Here's What To Drink To Induce Labor

by Cat Bowen

If you're reading this, you're likely very sick of being pregnant. You've probably walked countless miles and googled which foods from what cookbook made your third cousin's best friend go into labor after eating it. But drinks are different and there isn't as much lore about what to drink to induce labor. (Although it seems an easier way to get it done rather than chowing down on spicy food or having sex.)

I remember with my first child, the lore was all about raspberry leaf tea, which, according to the Australian College of Midwives, might actually help bring on labor, and make it faster. There was also this notorious eggplant parmesan. This is problematic, because I would rather french kiss Pat Robertson than eat eggplant. It's easily the worst vegetable ever identified, in my opinion. But tea? I can get behind some tea. In fact, I'm a heavy user of tea, so it was kind of ideal. Raspberry leaf tea itself is a mildly sweet, aromatic tea, that doesn't really need sugar — it's OK when it's iced, but hot tasted better to me. Several of my friends also swore by pineapple juice. I actually quite liked that one, because, for some reason, even though I had hyperemesis gravidarum (I threw up every single day of my pregnancies), the pineapple juice didn't make me turn puce.

If you're searching, many baby boards and websites will turn you on to black cohosh. Black cohosh, a member of the buttercup family, is either taken by capsule, or brewed in a tea. It is used frequently by women with cancer or menopausal women to alleviate the effects of sharp hormonal changes in the body, according to the National Institutes of Health (NIH). However, The Mayo Clinic noted it is not safe for pregnant or breastfeeding women.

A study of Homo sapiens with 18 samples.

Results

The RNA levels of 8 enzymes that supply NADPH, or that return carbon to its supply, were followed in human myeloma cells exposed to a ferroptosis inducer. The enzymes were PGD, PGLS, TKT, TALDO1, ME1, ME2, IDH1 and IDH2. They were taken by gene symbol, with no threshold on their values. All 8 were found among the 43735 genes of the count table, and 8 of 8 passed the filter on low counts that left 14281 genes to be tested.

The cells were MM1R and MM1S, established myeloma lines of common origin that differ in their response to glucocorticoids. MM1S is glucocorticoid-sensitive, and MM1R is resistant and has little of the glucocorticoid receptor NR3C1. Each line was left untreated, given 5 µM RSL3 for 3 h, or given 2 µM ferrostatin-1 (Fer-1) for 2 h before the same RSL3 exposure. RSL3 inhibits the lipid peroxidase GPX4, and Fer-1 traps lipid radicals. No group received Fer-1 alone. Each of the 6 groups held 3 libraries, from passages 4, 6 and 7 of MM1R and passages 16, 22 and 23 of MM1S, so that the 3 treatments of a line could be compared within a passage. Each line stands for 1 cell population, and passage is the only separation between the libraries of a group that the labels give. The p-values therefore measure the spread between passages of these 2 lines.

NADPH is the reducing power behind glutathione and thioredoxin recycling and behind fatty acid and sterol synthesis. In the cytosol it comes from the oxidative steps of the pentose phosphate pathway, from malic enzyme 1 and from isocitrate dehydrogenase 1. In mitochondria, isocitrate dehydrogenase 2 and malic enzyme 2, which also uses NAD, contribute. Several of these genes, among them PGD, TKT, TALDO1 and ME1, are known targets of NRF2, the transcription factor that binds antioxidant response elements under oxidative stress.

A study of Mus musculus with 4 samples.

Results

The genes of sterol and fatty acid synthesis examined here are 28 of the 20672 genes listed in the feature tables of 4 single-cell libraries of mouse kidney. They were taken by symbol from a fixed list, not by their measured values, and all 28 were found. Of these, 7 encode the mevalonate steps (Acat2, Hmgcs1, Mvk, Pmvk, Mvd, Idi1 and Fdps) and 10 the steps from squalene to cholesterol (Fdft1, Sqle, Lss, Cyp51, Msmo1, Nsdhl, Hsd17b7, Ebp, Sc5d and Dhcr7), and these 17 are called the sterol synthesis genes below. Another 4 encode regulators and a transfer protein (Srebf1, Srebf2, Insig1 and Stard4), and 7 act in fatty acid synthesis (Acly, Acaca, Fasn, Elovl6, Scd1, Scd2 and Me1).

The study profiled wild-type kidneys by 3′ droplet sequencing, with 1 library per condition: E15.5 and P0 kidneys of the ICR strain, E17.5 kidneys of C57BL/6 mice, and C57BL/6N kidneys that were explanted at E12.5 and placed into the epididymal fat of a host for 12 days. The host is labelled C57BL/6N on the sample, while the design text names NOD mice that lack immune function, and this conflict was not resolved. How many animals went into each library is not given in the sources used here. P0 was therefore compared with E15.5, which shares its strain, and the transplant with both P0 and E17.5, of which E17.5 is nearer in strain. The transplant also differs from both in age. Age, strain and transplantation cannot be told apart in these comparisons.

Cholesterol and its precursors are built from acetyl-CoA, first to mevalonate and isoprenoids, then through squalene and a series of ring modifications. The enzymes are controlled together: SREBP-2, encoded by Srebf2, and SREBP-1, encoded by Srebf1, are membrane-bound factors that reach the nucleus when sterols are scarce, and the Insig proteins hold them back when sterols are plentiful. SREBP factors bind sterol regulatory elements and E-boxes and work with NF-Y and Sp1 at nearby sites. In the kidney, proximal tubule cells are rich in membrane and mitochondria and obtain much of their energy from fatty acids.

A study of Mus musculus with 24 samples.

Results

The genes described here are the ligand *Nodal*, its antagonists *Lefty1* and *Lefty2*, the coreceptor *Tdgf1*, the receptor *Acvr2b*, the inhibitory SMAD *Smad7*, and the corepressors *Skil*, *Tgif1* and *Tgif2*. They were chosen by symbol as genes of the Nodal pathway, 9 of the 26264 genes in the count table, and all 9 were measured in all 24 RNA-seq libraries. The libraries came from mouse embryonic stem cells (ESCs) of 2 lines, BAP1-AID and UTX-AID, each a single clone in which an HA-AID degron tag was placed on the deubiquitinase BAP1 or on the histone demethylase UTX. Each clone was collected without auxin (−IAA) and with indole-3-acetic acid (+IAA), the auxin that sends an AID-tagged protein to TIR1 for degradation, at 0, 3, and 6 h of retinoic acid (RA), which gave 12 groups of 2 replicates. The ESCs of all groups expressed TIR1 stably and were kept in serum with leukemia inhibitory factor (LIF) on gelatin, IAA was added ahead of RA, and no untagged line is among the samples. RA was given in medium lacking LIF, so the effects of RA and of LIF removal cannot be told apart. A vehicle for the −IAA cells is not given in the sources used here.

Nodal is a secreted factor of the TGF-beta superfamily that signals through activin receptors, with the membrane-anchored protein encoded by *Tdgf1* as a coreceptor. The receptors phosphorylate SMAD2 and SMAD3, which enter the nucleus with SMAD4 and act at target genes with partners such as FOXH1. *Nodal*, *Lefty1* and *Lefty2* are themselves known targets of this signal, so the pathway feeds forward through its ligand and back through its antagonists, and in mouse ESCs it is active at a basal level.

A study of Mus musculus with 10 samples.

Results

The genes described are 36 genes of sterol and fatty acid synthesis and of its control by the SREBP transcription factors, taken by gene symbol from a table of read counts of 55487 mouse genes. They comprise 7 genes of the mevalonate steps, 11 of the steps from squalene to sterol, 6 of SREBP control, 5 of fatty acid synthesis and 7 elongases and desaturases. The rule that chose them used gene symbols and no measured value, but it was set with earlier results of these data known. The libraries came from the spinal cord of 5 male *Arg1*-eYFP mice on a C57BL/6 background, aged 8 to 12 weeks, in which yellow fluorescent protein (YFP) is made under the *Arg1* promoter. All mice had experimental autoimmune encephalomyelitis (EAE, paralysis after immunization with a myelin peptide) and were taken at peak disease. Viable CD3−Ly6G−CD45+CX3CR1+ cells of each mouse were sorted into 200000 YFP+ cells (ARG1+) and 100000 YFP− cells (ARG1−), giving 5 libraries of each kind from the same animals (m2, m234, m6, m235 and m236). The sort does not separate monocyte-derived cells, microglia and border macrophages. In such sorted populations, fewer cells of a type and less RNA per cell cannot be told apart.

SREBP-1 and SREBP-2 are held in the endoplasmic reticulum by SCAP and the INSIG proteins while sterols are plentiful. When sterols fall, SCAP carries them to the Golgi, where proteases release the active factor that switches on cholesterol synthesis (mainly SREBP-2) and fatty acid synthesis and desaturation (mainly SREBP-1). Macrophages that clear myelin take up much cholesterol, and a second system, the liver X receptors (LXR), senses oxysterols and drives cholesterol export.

But what else can you sling back like a frat boy at a kegger to evict your little belly-dweller? Pretty much all of the holistic sites tell you to drink cumin tea. It, like most spicy foods, briefly raises your metabolic rate, which is thought to possibly stimulate labor, according to a study in the Journal of Ethnopharmacology. But while, the science on this one is sketchy, it's listed as "probably safe." (It just tastes terrible.) Cumin is a smoky, earthy spice that dominates many of my dishes, but it's terrible in tea. I made some cumin tea and I'm telling you, don't. Just don't. The only way this would've put me into labor, would be because I was puking so hard that I actually had my baby out of my mouth like a snake with a detachable jaw.

But the oldest of the old wives' tales on what to drink to induce labor is castor oil. Dating from ancient times, it's thought that because it stimulates the stomach into contracting around the colon, it will also cause the uterus to contract. (Have some raging bathroom issues and a baby at the same time.) However, The Australia and New Zealand Journal of Obstetrics and Gynaecology determined that while it's not necessarily unsafe, it doesn't work. And while the study didn't say that the obscene diarrhea caused by castor oil is super not fun, I think everyone can safely agree — it's super not fun.

There is probably no magical elixir you can drink that will allow you to drink in the smell of afterbirth and baby head any faster than he or she wants to come. But that doesn't mean you can't try. Hey, maybe you like your tea to smell like a taco. I'm not judging you. Bottoms up, so hopefully your baby will also get bottoms up.